Sibling sexual abuse
Sibling sexual abuse is more prevalent than other forms of intra-familial sexual abuse.
There are significant barriers to disclosure for children who are being abused by a sibling.
The impacts of sibling sexual abuse can be similar to other forms of sexual abuse.
Young people with problematic sexual behaviours require not only legal, but also therapeutic interventions.
Parental support of all children involved in sibling sexual abuse contributes to greater therapeutic outcomes.
Sibling sexual abuse is a hidden and often under-reported form of sexual abuse. Studies indicate that sibling sexual abuse is more prevalent than other types of intra-familial sexual abuse. Due to the mostly close relationship and physical proximity between siblings, sibling sexual abuse is considered an opportunistic form of abuse. Abusive siblings are often displaying problematic sexual behaviours or developmentally inappropriate behaviours that may be the result of victimisation they have encountered themselves - either witnessed or experienced. Abused siblings often do not disclose being abused due, among other things, to fear of not being believed, fear of upsetting parents, or confusion over their role in the abuse. Current therapeutic frameworks suggest providing counselling for the whole family.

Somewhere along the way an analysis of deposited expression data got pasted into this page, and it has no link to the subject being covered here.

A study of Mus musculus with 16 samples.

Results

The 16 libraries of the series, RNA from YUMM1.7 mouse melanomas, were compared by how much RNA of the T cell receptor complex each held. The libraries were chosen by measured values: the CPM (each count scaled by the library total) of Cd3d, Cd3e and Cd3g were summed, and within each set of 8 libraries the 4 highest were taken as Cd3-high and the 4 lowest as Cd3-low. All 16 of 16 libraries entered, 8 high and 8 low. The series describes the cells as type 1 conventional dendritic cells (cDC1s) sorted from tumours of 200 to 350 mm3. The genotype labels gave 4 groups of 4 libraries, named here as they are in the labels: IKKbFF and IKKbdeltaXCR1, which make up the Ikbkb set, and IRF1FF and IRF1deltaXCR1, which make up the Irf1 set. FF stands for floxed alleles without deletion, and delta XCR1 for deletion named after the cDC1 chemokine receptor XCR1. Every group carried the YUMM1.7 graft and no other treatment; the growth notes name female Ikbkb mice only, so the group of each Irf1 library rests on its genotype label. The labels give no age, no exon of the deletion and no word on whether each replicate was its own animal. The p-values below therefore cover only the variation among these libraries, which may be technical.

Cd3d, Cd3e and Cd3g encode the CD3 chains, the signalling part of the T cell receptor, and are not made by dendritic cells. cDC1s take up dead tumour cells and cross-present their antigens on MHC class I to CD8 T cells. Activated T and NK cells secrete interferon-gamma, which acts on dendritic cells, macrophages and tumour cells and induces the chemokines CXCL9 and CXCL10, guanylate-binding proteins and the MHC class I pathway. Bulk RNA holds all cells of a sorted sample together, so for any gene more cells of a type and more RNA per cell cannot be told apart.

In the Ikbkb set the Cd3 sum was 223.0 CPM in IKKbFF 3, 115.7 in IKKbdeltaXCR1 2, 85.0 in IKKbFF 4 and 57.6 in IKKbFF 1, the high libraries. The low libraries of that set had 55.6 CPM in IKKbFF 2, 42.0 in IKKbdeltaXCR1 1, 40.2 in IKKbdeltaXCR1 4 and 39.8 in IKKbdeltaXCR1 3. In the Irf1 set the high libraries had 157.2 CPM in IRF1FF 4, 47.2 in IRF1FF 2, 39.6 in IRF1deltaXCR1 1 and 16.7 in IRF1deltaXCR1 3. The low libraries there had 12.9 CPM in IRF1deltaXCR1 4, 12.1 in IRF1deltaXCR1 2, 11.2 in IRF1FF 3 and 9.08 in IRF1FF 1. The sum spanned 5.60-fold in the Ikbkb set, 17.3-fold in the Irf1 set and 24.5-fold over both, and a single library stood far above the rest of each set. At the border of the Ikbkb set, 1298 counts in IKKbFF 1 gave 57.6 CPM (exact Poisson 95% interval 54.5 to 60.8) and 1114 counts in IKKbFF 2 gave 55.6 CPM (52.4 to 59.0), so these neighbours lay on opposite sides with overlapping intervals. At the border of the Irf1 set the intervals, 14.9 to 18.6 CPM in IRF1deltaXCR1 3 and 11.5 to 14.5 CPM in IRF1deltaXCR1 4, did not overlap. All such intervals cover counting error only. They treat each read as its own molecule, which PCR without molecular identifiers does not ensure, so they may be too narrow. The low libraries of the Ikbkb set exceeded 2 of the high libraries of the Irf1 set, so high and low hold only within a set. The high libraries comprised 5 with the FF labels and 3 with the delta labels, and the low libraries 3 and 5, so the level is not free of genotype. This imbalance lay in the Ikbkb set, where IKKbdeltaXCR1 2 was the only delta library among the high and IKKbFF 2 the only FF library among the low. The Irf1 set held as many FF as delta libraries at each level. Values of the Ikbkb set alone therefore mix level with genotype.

Authors and Acknowledgements
Mary Stathopoulos was a Senior Research Officer at the Australian Centre for the Study of Sexual Assault.
The author would like to thank AIFS staff, particularly Antonia Quadara, Cindy Tarczon and Daryl Higgins for their guidance and feedback through out the production of this publication.
Stathopoulos, M. (2012). Sibling sexual abuse (ACSSA Research Summary). Melbourne: Australian Centre for the Study of Sexual Assault, Australian Institute of Family Studies.